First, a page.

In a significant move to support creators, Twitter has rolled out its ad-revenue-sharing program, with eligible Blue subscribers already reaping the benefits. The initiative, first announced by Elon Musk in February, had been shrouded in mystery, but now, the details of how it works are coming to light.
According to a tweet announcing the program, eligible users will receive a share of the ad revenue generated from their posts, starting with replies. Reports from high-profile users indicate that notifications about incoming deposits are being received, with rewards ranging from a few thousand dollars to as much as ten thousand dollars. These payouts are based on ads shown in replies to the content of eligible users.
Payouts will be cumulative
Elon Musk stated that the initial round of payouts for creators will total $5 million which is about GHS 56 million and will be cumulative from February onwards. This news comes as a welcome development for content creators on the platform, who have eagerly awaited this monetization opportunity.
To participate in the revenue-sharing program, users must meet certain criteria. They need to be Twitter Blue or Verified Organizations subscribers, with a minimum of five million post impressions generated in each of the past three months. Additionally, users must undergo a human review and adhere to the Creator Subscriptions policies. Payouts will be facilitated through a Stripe account, and creators can apply for the program via the Monetization section in their account settings. Twitter also plans to expand eligibility to more creators in the near future, indicating a growing commitment to empowering its user base.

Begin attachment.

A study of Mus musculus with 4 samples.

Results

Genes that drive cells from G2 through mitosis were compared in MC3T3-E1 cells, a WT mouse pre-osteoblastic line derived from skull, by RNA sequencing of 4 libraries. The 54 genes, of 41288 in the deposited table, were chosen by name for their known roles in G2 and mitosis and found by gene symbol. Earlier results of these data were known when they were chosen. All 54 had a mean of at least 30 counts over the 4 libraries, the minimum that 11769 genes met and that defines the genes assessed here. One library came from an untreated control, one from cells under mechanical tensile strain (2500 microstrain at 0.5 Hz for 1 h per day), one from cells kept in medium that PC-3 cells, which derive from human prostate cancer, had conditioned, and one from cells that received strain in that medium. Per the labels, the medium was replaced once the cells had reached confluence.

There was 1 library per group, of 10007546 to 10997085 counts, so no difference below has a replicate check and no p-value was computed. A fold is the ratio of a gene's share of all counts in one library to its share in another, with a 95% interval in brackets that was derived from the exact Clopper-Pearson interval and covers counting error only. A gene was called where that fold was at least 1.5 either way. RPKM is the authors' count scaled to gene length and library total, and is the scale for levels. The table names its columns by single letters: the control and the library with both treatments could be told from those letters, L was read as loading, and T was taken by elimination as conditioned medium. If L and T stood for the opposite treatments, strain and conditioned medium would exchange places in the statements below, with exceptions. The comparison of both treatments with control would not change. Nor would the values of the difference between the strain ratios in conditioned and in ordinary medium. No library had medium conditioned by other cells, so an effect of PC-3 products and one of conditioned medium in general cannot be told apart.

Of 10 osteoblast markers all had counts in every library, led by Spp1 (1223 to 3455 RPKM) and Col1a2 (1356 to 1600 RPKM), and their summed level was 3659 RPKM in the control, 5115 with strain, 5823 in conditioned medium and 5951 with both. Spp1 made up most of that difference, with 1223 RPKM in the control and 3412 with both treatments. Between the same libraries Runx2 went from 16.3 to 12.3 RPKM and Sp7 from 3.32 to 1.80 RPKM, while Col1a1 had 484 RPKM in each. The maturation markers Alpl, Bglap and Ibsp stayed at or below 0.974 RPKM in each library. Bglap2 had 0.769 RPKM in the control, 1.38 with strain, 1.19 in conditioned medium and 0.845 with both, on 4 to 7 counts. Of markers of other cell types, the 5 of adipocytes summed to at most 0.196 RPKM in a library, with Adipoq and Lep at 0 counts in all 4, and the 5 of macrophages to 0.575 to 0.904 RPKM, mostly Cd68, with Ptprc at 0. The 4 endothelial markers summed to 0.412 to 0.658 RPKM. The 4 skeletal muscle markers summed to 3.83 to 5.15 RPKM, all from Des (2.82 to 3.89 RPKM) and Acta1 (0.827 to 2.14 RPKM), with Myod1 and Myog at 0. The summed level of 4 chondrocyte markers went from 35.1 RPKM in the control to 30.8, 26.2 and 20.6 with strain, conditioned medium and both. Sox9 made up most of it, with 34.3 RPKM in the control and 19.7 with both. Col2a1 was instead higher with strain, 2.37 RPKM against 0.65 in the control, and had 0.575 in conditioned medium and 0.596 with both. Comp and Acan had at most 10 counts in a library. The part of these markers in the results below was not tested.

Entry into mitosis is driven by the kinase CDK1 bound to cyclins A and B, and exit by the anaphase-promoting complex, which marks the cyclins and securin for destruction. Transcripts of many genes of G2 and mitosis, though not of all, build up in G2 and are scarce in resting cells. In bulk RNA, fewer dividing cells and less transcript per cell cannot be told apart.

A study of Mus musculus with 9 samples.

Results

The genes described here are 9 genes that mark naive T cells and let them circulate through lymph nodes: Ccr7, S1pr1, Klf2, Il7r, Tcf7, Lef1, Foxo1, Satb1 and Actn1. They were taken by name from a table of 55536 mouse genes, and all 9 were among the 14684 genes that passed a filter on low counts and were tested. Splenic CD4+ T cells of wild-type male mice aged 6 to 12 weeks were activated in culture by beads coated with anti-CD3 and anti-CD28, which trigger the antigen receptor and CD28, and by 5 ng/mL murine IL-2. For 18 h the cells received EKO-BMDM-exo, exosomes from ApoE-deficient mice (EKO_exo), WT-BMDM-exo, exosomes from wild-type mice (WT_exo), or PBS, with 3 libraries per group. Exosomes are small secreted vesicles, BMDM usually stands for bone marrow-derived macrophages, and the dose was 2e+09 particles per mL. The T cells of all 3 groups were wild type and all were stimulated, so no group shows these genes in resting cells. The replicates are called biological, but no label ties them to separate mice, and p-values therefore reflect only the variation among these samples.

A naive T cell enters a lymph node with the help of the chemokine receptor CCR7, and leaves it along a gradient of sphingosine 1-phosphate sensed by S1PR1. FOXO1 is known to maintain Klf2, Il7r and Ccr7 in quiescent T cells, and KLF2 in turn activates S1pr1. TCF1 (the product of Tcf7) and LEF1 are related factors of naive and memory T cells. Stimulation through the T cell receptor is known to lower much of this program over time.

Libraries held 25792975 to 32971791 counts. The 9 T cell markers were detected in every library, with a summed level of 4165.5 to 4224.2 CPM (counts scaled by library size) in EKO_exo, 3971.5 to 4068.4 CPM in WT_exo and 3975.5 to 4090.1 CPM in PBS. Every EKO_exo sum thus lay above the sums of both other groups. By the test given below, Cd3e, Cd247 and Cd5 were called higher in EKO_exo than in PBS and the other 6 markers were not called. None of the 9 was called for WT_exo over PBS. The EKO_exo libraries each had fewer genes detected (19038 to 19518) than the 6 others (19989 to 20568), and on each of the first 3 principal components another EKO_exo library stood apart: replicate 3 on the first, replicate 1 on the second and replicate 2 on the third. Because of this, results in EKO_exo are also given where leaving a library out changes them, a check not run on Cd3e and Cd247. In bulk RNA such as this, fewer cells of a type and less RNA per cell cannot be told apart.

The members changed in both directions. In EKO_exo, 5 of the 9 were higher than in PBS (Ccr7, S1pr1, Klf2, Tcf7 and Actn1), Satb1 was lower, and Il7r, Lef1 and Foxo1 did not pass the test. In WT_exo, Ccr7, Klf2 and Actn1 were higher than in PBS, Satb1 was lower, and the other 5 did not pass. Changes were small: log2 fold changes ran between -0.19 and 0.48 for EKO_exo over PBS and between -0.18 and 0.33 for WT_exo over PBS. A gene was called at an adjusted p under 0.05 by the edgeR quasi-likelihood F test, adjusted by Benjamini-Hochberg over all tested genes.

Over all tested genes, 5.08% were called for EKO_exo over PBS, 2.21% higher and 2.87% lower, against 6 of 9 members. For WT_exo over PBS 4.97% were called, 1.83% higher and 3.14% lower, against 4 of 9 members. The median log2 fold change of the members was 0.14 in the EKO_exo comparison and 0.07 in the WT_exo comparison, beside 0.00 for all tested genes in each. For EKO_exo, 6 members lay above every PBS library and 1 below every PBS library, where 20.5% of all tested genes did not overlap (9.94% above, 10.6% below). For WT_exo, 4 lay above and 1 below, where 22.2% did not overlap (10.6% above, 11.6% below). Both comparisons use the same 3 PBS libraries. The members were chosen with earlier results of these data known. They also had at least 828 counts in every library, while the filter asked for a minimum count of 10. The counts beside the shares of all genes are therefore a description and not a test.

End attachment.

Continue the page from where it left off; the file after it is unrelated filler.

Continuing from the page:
Limitations to the Content
However, there are limitations to the content that can be monetized through Twitter’s program. Sexual content, pyramid schemes, get-rich-quick schemes, violence, criminal activities, gambling, drugs, and alcohol-related content are strictly prohibited. Furthermore, attempting to monetize copyrighted content that the creator does not own is considered a violation.
These payouts arrive at a challenging time for Twitter, as it faces legal battles, including a lawsuit demanding 500 million dollars in unpaid severance checks. Additionally, Meta, owned by Mark Zuckerberg, has been making efforts to chip away at Twitter’s declining traffic. In the face of these obstacles, the launch of the ad-revenue-sharing program is a significant step forward for Twitter, fostering a stronger relationship with its content creators and potentially attracting new talent to the platform.